Education streaming service and sexism kit impress judges at EduHack

A YouTube-like streaming service for teaching materials and a feminism toolkit for teachers developed by students are some of the ideas that came out of Australia’s first education hackathon EduHack last weekend.


C.ed was the winner of the weekend, with its video streaming tool which allows teachers find resources, promising to offer easy access to short specific videos with advice on how to innovate their classes, as opposed to relying solely on physical meetups with other teachers.


Sexism Stings, a project developed by a team from Fitzroy High School students, the Fitzroy High School Feminist Collective, was highly commended and left judge Marina Paronetto, founder of PowerHouseHQ particularly impressed.


So much so that she reached out to Queens Collective, a new co-working space launching in Melbourne this week, to secure the Sexism Stings team a place and support to help get the project off the ground.


The Fitzroy High School Feminist Collective’s resource kit has already raised $12,118 of its $3000 goal on Kickstarter.


The project will see a resource kit including lesson plans, digital resources such as video clips made by the team speaking on issues central to gender equality and feminism, made available to schools around the nation.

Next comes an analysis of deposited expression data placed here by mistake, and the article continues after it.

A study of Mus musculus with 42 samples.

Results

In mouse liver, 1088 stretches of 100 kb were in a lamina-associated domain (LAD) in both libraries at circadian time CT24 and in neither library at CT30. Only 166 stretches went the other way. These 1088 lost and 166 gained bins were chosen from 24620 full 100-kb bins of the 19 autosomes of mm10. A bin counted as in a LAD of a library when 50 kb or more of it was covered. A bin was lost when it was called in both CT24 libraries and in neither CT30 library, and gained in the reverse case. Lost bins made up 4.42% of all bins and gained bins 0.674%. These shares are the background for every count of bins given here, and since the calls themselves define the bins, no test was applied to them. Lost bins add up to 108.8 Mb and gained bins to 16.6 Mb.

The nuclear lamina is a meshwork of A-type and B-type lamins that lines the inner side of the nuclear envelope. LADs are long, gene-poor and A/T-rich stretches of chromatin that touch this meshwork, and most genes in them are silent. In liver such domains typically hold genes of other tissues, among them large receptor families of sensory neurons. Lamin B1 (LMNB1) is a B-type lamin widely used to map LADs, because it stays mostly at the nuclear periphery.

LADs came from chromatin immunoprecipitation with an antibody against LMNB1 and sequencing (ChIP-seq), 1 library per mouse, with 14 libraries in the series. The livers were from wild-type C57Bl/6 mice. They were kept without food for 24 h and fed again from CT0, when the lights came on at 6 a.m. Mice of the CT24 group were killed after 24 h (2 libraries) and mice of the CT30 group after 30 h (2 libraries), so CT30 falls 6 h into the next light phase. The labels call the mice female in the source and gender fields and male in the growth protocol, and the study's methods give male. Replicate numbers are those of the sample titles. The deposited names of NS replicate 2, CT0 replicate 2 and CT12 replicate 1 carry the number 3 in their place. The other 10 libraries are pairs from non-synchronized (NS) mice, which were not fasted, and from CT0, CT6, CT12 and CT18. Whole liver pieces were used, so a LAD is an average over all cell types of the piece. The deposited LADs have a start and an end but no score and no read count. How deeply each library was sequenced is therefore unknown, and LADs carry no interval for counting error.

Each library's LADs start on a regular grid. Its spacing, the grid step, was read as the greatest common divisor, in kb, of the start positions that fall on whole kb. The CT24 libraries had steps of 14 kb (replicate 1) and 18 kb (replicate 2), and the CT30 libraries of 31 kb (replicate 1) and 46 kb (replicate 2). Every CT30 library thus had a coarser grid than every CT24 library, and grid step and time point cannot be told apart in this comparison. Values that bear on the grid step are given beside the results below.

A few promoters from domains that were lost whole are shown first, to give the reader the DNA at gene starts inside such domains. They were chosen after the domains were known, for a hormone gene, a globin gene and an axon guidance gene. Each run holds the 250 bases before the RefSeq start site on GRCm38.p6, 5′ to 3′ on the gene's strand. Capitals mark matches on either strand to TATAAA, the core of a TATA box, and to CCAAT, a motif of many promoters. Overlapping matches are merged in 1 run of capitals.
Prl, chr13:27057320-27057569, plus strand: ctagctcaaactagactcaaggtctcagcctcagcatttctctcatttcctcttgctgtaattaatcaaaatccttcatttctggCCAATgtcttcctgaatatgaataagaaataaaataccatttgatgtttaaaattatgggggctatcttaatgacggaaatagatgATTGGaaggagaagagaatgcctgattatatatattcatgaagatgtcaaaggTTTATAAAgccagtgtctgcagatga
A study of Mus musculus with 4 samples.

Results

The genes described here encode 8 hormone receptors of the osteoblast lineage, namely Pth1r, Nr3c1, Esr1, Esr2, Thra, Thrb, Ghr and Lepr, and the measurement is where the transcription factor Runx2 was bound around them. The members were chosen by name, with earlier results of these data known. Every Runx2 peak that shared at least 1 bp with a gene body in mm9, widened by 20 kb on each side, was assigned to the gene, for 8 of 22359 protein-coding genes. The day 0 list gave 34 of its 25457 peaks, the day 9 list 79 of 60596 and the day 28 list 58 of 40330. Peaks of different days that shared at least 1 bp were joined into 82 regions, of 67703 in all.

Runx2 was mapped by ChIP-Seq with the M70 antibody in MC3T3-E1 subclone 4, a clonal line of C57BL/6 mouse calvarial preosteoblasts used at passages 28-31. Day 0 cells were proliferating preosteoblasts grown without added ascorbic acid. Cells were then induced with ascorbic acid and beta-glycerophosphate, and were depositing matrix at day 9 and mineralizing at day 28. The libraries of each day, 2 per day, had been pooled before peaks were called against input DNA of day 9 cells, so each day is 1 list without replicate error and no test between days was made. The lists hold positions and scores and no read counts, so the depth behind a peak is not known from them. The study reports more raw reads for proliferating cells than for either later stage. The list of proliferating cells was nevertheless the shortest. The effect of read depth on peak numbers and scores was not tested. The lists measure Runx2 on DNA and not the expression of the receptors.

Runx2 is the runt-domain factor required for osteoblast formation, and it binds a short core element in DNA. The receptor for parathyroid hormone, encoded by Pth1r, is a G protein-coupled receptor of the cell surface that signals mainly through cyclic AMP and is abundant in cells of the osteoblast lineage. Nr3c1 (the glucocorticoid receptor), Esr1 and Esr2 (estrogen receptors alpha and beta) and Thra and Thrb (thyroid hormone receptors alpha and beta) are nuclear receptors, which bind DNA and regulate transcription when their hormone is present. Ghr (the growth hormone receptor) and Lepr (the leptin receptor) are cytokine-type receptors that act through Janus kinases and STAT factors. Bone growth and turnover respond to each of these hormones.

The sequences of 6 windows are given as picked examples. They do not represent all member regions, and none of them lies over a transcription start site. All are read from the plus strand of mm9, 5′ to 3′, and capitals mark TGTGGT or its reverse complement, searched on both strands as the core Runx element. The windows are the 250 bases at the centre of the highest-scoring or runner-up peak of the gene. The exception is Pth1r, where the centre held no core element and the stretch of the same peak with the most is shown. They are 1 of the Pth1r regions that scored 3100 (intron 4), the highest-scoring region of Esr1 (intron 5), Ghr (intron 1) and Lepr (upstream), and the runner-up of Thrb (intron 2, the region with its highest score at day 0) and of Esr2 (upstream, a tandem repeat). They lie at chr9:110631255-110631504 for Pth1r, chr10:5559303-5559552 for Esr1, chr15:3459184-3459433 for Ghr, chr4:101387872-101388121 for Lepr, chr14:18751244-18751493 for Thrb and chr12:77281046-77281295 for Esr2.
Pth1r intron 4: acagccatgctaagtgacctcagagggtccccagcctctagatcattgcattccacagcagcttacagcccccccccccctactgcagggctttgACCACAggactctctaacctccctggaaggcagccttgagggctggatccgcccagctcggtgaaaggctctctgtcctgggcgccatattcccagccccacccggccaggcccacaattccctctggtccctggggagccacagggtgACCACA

“There’s still a lot of bad conversations to be had, difficult conversations and it’s not easy for teachers to bring the subject up,” Paronetto says of addressing sexism.


“This would create a resource, a tool kit to enable teachers to teach the subject a little bit more.


“It would really empower the female students that go through complicated situations.”


Paronetto says the passion of the team made an impact on her.


“I’m used to going to many startup events, to have women create something so amazing, at such a young age and with such determination, is very impressive,” she says.


“It’s not just about the subject; it’s about these young women and their place in the startup community.”


EduHack was organised by myEd and the Centre of New Public Education and involved students, teachers, developers and entrepreneurs to share ideas and help create solutions to tackle problems facing the Australian education sector.